CHICAGO (CBS) — A longtime medical care center that has served Chicago’s gay and lesbian community for 36 years is hoping to raise $500,000 in 50 days to avoid shutting its doors.
CBS 2’s Roseanne Tellez reports that a financial crisis could leave thousands of Chicagoans without critical health services.READ MORE: Man Fatally Shot In Roseland
The Howard Brown Health Center in Uptown serves some 36,000 people each year.
“Howard Brown has been a lifeline for 36 years and now we’re here to talk to the community about why we need a lifeline to continue to be here,” president and CEO Jamal Edwards said Thursday.
Why? Because of the mismanagement of $3 million dollars in federal grant funds between 2006 and 2010.READ MORE: Man Arrested In Lincoln Square Burglary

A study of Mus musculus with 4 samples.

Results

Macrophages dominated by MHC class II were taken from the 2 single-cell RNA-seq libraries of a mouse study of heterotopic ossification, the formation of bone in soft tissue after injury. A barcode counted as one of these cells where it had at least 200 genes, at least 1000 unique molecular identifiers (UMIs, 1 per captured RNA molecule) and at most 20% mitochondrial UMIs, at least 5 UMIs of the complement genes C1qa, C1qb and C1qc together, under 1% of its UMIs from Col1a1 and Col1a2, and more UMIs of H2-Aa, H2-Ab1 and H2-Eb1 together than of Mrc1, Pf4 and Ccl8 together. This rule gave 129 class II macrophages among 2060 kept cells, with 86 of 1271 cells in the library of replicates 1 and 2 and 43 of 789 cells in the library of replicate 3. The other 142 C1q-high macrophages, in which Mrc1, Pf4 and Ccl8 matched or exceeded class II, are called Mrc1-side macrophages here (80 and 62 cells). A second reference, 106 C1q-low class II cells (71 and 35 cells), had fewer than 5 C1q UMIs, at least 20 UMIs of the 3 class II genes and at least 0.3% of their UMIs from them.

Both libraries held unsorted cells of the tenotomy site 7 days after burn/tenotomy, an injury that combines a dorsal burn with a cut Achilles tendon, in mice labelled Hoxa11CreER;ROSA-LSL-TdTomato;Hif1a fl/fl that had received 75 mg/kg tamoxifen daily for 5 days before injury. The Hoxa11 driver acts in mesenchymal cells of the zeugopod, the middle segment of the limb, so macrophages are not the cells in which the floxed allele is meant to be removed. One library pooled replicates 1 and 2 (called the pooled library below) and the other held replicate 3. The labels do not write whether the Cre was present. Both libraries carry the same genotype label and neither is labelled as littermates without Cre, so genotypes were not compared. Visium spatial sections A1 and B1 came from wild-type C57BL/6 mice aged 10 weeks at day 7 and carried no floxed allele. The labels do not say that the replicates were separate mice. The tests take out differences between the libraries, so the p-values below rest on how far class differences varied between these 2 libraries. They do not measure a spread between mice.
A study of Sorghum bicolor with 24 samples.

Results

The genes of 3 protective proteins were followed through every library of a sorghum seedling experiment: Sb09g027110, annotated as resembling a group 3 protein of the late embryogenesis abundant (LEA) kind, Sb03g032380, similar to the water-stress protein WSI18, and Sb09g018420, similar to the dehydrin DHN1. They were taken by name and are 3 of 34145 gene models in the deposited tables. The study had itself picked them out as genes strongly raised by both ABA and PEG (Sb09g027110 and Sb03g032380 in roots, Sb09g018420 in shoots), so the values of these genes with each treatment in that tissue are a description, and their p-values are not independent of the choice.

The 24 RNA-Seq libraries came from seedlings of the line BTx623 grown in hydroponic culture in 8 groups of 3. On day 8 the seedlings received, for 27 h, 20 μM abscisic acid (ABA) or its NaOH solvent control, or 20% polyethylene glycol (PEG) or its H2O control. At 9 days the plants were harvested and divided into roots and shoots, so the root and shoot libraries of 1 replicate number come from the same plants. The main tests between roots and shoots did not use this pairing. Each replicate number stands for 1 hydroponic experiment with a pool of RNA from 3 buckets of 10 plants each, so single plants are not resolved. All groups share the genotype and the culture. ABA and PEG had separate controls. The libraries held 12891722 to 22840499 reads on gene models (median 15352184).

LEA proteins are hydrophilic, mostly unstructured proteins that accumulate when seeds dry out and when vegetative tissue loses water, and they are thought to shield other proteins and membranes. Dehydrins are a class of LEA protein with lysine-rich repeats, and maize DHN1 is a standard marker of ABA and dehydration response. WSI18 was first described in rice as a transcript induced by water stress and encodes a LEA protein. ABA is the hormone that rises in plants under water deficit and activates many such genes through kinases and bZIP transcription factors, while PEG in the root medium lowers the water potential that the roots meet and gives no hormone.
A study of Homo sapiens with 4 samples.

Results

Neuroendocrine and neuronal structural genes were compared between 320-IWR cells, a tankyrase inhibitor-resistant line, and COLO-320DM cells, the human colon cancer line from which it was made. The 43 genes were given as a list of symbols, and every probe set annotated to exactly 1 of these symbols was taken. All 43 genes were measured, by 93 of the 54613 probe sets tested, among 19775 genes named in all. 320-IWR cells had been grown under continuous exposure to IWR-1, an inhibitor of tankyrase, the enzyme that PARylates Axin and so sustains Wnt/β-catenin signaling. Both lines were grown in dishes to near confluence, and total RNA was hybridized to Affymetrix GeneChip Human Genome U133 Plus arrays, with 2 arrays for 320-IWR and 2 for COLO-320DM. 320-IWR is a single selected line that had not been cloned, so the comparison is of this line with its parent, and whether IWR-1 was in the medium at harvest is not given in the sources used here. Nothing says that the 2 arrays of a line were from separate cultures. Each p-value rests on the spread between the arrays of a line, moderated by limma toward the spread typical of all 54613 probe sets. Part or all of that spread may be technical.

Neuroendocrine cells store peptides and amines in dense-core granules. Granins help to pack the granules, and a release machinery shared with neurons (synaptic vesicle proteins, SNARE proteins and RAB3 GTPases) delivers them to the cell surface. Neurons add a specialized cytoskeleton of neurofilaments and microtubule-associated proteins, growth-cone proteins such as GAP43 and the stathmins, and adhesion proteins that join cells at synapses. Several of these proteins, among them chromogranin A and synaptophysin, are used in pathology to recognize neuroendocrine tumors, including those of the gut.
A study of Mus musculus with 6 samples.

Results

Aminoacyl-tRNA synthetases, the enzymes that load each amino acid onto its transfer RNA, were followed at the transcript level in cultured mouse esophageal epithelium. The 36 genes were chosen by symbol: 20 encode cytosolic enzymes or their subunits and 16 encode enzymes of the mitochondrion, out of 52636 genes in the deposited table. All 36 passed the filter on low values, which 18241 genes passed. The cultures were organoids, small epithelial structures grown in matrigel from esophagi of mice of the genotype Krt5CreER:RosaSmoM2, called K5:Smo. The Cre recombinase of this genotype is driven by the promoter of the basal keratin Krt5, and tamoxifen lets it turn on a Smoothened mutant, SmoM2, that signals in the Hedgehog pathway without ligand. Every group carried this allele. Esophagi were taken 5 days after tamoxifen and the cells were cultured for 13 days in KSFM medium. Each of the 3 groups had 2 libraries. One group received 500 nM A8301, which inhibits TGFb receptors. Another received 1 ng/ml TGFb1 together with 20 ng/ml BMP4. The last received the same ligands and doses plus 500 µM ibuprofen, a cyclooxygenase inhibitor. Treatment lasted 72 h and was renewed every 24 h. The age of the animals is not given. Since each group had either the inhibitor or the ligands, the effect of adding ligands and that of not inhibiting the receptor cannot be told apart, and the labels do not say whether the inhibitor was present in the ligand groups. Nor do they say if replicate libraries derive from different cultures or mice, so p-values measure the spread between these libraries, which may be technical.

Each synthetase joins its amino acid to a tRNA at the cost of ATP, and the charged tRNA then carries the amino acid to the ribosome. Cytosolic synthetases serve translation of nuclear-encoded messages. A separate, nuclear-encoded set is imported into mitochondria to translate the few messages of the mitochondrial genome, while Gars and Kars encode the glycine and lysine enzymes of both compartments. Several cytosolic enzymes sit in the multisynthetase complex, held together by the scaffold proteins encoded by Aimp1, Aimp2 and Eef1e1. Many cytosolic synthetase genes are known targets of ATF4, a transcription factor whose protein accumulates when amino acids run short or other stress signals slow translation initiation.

Internal investigations revealed the money was used to cover operating expenses, which led to the firing of two top administrators.
Longtime clients and volunteers like Brett Stortz were devastated by the news.
“Every time I think about Howard Brown, I think of the good things we are doing. To hear about this horrible thing we were doing, it broke my heart,” Stortz said. “Thinking of all the other people that would have nowhere to go, or have to get a new healthcare provider, that’s hard to think about.”
But turning things around won’t be easy or cheap.
“We endeavor to raise $500,000 in 50 days,” said board member Mark Andrews.
Edwards said that with the current economic climate, the center’s services are more important than ever.
“More people have turned to Howard Brown than ever for access to health care,” said Edwards. “So we’ve always been in a difficult place, but this makes things more difficult, but reinforces why we need to be here.”MORE NEWS: 2 CPD Officers, Woman Taken To Hospital After Hit-And-Run
The new administration has promised big changes to prevent anything like this from happening again. And the new executives – about half as many as before – said they’ll give up their salaries if they have to.